John Dean, the White House counsel to President Richard M. Nixon once dubbed the “master manipulator” of the Watergate scandal, said President Donald Trump had a rough day on Capitol Hill during the first public impeachment hearing.
“What struck me today in listening to these two witnesses is they already have more than they had against Richard Nixon to impeach him,” Dean said on CNN on Wednesday. “Just on all accounts because the evidence is there.”
Earlier in the day, two witnesses corroborated accounts that Trump withheld U.S. aid to Ukraine to pressure the country into investigating a political rival. Bill Taylor, the acting U.S. ambassador to Ukraine, also provided bombshell new testimony about a phone call between Trump and Gordon Sondland, ambassador to the European Union. Taylor said a staff member who was with Sondland witnessed the call and told him about it.
“Following the call with President Trump, the member of my staff asked Ambassador Sondland what President Trump thought about Ukraine,” Taylor testified. “Ambassador Sondland responded that President Trump cares more about the investigations of [Joe] Biden, which [Trump attorney Rudy] Giuliani was pressing for.”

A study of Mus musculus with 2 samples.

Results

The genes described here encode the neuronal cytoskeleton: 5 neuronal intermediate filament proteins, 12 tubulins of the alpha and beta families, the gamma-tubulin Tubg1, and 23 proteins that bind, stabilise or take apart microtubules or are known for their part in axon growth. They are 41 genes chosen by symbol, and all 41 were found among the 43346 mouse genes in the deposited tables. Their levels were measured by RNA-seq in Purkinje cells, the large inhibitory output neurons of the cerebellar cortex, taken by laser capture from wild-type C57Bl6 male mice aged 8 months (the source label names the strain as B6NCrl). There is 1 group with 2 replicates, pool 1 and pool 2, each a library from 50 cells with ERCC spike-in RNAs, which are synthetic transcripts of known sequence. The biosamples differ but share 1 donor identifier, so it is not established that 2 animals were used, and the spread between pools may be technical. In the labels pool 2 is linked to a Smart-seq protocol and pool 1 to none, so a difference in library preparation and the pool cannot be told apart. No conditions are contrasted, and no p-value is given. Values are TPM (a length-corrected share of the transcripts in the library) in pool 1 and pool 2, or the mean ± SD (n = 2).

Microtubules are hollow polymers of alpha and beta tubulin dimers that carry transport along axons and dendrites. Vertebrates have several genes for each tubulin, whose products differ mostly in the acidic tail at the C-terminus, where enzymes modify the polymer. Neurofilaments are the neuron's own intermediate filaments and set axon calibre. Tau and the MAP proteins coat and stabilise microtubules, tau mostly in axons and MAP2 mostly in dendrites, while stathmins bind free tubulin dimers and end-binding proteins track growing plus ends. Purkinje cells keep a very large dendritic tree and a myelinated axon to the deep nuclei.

Dean, who ultimately turned on Nixon and cooperated with prosecutors, said that’s the kind of evidence that didn’t come out until much later in the Watergate proceedings. Early on, he said, “it was my testimony, a few people that were lower in the pecking order than me, and it happened before the tapes.”
The infamous Watergate tapes weren’t released until more than a year after Dean’s June 1973 testimony. The “smoking gun” tape ― a 1972 conversation in which Nixon spoke with his chief of staff about trying to stop the FBI from investigating the Watergate break-in ― was made public on Aug. 5, 1974.
Nixon announced his resignation three days later as Republican lawmakers abandoned him in wake of the revelation.